The slow and painful act of ungoogling yourself part 2

I’ve written about getting rid of Google before, and that was before the whole NSA/PRISM shitstorm. I’m sure people today find even more reasons to get Google out of their lives.

I wasn’t just doing nothing all this time either. Since the last post, the following has happened:

  • My contacts are synced with my own CardDAV server instead of to Google, so Google won’t get their hands on my friends’, colleagues’ and family’s personal data through me anymore.
  • My calendar goes to my own CalDAV server, so Google no longer knows what I’m doing when, where and with whom.
  • DuckDuckGo has improved so much as a search engine that I don’t feel like I’m missing something by not searching on Google anymore.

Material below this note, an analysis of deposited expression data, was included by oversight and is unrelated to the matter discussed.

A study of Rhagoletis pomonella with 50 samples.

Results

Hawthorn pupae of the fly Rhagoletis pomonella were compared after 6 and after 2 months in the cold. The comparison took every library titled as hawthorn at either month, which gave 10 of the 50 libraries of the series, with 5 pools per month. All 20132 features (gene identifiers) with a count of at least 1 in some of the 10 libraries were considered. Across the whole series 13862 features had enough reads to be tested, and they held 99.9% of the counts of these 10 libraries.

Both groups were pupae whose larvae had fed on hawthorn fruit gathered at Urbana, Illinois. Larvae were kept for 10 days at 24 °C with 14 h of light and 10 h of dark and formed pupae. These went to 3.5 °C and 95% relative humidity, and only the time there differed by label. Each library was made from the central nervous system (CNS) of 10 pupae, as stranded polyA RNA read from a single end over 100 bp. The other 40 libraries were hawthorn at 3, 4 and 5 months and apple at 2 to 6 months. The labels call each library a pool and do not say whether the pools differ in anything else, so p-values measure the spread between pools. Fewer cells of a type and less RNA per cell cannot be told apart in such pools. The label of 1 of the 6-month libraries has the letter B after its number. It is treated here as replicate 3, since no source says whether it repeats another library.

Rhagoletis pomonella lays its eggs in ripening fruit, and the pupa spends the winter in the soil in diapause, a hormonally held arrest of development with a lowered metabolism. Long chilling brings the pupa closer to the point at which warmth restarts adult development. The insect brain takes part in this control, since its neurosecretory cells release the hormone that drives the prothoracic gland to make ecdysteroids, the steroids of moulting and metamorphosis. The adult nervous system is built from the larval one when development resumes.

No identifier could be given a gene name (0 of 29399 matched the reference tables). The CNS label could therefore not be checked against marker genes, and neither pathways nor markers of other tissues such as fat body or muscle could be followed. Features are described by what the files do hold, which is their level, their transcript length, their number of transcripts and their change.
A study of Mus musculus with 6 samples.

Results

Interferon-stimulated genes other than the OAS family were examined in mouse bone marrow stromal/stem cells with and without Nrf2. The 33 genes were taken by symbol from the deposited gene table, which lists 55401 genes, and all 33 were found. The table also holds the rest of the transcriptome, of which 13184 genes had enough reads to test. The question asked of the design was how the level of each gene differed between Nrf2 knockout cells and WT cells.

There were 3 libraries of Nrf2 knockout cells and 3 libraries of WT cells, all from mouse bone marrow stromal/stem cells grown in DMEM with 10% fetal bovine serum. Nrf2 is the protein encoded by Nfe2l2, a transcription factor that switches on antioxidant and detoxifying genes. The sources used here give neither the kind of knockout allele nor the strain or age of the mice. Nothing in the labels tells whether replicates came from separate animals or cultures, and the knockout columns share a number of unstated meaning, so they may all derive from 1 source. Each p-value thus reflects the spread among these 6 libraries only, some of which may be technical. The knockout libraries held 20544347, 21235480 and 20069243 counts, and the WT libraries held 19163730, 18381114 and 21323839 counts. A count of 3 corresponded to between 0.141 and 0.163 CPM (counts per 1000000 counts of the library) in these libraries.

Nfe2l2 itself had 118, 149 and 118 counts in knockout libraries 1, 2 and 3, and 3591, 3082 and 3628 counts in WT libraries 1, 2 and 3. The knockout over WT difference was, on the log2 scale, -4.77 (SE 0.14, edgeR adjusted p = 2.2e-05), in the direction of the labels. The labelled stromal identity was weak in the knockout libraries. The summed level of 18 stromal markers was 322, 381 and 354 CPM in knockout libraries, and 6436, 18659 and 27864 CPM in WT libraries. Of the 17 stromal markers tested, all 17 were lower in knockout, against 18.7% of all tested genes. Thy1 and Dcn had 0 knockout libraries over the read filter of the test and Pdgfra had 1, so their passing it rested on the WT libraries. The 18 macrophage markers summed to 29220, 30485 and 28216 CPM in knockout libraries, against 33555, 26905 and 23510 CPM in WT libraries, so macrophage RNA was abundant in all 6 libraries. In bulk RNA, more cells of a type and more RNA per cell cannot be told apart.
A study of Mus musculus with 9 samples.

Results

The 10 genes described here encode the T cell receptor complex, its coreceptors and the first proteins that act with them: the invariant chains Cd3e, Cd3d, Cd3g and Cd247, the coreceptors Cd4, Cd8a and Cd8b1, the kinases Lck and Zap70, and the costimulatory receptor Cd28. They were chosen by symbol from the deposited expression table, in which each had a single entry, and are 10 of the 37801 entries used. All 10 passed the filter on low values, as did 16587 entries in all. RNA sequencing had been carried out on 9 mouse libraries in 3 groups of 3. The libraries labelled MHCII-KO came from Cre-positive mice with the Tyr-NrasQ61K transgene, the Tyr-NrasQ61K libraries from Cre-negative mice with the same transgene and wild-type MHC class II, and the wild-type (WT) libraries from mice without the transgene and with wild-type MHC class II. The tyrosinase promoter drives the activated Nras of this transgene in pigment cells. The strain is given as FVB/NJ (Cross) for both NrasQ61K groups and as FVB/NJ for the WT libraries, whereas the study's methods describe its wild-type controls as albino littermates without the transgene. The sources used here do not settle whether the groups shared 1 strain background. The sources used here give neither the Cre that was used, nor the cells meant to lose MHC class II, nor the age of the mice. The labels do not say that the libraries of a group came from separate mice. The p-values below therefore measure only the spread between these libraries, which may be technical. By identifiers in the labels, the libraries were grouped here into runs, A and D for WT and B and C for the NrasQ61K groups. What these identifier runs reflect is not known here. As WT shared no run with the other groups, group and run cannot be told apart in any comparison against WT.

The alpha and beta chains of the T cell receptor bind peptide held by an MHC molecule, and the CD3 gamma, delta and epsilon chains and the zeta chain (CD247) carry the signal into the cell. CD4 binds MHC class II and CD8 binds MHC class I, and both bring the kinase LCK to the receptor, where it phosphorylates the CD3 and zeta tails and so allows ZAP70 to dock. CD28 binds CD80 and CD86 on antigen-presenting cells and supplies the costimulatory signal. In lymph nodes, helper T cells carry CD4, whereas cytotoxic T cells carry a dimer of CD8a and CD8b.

One problem still remains: I use an Android device, so you never know what else Google might be collecting through there. I’m watching Jolla and Sailfish as well as Firefox OS to see if and when there is some way to get a truly independent mobile device. That is the only piece of the puzzle still missing, and Google Play is the only way Google still gets at my stuff.

I have installed the Amazon Appstore and SAM next to Google Play, but the former is just swapping out one evil for another while the latter sometimes doesn’t have the app I’m looking for.

But it already feels much better to be the master of my own data again. I don’t know how Google entranced all of us nerds in the first place. Sure, Gmail was a much sexier email system than any of us had ever seen, back then. But nowadays, with decent Free Software alternatives and Google turning more and more into a closed social network and advertisement agency like Facebook, hosting our stuff ourselves seems like a hot idea again.

Also: decentralization. It’s one of the cornerstones of this whole Internet thing. Why should we give that up and entrust very few, very large companies with our data in a centralized fashion instead of creating a robust, decentralized system?